RE: Showboating Against Wall Street Greed

Maybe the Democrats overplayed their hand. The Washington Post editors are grimacing:

The broader implication raised by senators at Tuesday’s hearing — that Goldman somehow rigged the market in subprime mortgages, and that this led to the meltdown — does not strike us as a terribly useful or even accurate analysis of the crisis. Yes, in its capacity as a market-maker, the firm sold complex derivatives to market players who wanted to bet on a rosy view of housing long after Goldman had turned more pessimistic. To that extent, Goldman’s interest in short-term revenue clashed with what, in hindsight, was society’s need for a whistle-blower. For the most part, though, these were large, sophisticated institutional investors who had the opportunity to conduct the same analysis of economic data that Goldman did. They knew that there was someone on the short side of every trade. And Goldman had no legal obligation to trade in the same direction as these clients did. Indeed, if it had, then Goldman could not have started hedging its own bets on housing early, as it did. The firm would have lost billions, and it might have wound up needing an even bigger bailout by U.S. taxpayers than it actually got. It could have ended up like Citigroup, which tried to ride the bubble until it was too late and had to be propped up with hundreds of billions of dollars in federal cash and credit guarantees.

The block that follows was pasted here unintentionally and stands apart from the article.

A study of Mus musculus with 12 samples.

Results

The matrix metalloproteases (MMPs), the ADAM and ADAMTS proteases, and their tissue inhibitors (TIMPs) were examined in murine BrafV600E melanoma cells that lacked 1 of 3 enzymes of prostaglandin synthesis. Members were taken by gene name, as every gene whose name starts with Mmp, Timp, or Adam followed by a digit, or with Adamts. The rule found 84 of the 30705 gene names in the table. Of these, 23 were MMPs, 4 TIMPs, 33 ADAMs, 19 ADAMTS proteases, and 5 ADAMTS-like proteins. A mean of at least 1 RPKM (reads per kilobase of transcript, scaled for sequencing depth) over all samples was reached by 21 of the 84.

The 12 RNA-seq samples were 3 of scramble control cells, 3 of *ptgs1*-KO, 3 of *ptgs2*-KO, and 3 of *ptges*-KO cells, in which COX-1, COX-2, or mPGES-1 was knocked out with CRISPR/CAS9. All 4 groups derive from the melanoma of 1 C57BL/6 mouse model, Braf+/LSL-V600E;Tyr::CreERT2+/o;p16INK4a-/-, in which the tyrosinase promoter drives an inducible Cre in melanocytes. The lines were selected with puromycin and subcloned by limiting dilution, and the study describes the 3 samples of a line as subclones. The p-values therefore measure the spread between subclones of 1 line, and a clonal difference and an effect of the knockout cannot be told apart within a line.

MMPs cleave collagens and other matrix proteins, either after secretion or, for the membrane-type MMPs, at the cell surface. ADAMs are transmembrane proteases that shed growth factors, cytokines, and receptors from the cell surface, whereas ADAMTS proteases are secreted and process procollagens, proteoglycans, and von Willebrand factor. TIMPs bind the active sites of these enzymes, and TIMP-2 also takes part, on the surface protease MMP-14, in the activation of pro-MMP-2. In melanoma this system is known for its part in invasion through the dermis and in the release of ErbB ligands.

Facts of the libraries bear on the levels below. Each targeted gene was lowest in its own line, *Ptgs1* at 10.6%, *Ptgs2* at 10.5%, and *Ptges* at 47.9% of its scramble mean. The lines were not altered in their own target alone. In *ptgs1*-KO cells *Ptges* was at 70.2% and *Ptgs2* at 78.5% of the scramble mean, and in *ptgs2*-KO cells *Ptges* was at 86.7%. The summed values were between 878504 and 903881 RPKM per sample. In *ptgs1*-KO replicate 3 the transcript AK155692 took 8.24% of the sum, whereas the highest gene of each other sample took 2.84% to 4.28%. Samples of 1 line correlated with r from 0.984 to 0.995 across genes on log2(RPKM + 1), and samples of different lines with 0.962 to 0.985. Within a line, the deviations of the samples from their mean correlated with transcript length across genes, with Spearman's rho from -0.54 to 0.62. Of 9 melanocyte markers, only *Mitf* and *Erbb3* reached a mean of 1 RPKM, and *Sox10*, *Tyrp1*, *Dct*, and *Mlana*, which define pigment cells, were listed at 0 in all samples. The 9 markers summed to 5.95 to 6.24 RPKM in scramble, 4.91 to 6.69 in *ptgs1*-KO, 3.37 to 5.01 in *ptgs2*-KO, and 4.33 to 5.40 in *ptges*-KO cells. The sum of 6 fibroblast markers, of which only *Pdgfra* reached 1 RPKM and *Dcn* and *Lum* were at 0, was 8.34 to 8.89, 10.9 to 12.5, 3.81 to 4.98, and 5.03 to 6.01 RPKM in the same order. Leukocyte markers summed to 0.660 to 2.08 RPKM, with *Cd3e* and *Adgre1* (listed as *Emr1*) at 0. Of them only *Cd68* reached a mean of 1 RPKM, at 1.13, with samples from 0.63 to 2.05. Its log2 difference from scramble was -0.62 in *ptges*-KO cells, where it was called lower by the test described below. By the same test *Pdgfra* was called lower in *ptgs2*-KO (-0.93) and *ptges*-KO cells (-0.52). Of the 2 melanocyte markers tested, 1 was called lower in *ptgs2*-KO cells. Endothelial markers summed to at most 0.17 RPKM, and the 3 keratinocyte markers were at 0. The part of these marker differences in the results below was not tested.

As the editors note, the senators seemed outraged — offended even — by the entire notion of short-selling, although even senators must understand at some level that short-selling is, in essence, the way information is transmitted to the marketplace that the herd is going in the wrong direction. (“Perhaps the housing bubble would have been mitigated if more shorts had piled in earlier.”) But the senators would not be deterred from their attacks, in part because the underlying merits of the actual case against Goldman are looking more suspect.